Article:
The Bottom-Up Vulnerability Approach For Adaptation And Mitigation To Climate And Other Threats By Faisal Hossain

At the September 2011 iLEAPs Science conference Faisal Hossain of the Tennessee Technological University presented the powerpoint talk

The bottom-up vulnerability approach for adaptation and mitigation to climate and other threats

This is an example of the bottom-up, resource-based perspective that we are presenting in our paper

Pielke Sr., R.A., R. Wilby, D. Niyogi, F. Hossain, K. Dairuku, J. Adegoke, G. Kallos, T. Seastedt, and K. Suding, 2011: Dealing with complexity and extreme events using a bottom-up, resource-based vulnerability perspective. AGU Monograph on Complexity and Extreme Events in Geosciences, in press.

I recommend you read the entire set of slides.  I reproduced the text from two of them below:

First-cut Summary of (incomplete) Bottom-Up Vulnerability Assessment for Dhaka Megacity

  • Vast reserves of urban runoff. Long term: 60% or rainfall harvestable as urban runoff; Heavy event: 90+% harvestable as urban runoff.
  • Singapore (Selatar Bedok reservoir) may be feasible for Dhaka city.
  • Other threats need to be considered (climate, population and urbanization projections) to compare the impact of each on the resource –find the most sensitive one. Work in progress.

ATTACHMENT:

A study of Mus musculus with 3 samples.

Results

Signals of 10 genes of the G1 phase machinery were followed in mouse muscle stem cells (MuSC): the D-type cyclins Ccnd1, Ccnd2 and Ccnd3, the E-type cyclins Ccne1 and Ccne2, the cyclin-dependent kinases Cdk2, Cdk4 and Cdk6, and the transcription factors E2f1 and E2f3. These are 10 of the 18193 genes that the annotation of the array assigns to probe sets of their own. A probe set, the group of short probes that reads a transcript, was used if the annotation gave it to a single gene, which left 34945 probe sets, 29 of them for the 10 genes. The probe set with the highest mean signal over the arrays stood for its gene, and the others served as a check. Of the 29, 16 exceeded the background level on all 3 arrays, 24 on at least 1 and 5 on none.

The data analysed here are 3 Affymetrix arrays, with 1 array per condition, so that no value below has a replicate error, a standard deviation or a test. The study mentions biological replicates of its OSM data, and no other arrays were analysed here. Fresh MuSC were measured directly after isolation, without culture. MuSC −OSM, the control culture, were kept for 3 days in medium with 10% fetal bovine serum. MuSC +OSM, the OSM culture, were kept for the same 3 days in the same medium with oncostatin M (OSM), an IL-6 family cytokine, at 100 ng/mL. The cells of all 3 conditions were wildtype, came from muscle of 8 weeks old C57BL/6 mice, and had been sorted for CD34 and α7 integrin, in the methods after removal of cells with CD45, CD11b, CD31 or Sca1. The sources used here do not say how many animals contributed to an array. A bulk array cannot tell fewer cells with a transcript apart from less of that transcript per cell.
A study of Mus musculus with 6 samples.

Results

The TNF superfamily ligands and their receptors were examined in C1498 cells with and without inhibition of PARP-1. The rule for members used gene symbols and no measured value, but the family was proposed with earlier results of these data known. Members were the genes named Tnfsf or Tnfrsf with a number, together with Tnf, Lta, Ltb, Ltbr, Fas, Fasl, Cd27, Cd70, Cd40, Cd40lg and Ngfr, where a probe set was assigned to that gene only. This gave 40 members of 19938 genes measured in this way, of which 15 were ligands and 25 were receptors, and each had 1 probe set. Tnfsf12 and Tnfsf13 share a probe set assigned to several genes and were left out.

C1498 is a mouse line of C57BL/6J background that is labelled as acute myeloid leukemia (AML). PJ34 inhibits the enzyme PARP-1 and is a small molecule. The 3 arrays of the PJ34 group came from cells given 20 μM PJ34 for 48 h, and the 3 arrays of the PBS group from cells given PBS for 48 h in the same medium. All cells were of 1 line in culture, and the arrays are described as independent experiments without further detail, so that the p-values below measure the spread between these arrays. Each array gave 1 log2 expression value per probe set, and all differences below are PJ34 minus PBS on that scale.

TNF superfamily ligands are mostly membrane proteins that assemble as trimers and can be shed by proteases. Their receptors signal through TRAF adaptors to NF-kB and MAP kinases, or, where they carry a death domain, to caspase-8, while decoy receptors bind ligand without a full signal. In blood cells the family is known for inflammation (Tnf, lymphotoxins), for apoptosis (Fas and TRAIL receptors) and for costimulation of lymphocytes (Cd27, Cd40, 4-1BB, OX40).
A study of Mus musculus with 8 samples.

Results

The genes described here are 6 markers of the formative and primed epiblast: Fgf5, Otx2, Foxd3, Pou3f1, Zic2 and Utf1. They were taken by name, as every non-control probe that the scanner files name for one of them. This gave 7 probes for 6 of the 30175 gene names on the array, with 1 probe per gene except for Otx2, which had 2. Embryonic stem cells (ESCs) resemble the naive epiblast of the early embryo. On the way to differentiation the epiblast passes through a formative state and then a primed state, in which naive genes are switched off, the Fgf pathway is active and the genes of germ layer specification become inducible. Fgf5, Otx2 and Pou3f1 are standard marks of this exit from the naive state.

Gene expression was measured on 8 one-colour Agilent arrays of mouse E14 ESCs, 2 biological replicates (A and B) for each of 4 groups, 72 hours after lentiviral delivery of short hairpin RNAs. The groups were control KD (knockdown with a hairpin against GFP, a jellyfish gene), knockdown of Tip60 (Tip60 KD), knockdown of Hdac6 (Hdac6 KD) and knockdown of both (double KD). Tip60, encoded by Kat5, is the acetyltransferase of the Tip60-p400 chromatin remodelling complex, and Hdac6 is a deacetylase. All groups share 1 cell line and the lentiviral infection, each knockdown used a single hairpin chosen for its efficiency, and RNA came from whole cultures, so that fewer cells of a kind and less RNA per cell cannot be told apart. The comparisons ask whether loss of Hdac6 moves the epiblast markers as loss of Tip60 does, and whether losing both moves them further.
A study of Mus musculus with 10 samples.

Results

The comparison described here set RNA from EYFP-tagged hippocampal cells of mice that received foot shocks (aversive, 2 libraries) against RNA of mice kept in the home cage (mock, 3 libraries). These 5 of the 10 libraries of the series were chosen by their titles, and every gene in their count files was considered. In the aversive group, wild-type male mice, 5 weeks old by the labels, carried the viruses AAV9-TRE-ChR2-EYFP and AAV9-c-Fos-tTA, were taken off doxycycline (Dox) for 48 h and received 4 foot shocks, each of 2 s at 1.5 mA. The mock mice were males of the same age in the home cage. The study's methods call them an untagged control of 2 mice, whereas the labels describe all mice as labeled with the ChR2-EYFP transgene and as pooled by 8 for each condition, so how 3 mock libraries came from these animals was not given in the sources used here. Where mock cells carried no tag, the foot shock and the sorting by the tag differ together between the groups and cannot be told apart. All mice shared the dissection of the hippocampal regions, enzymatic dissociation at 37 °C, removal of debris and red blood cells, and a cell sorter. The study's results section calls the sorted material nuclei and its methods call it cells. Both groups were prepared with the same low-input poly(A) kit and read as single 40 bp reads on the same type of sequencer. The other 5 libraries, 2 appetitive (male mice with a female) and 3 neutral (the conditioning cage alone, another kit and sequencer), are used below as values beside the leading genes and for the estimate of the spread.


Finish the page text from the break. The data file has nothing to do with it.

Challenges and Issues Ahead for Institutionalizing Contextual Approach

1. Deciding on what should be an ‘inclusive’ set of threats.

2. Finding skillful ways to use rigidly constrained (high resolution) atmospheric models to pinpoint the role played by LULCC projections (on extremes) for adaptation (local scale). Strategies for emulation: WRF-SWMM coupled model study on urban infrastructure.

3. Finding a common metric for comparing impact (or sensitivity) on a resource from various threats (climate, LULCC, others).

4. Deciding on LULCC climate feedbacks relevant to a resource. E.g. Dam-reservoir system climate feedback is important to water, food, power. Urbanization on health?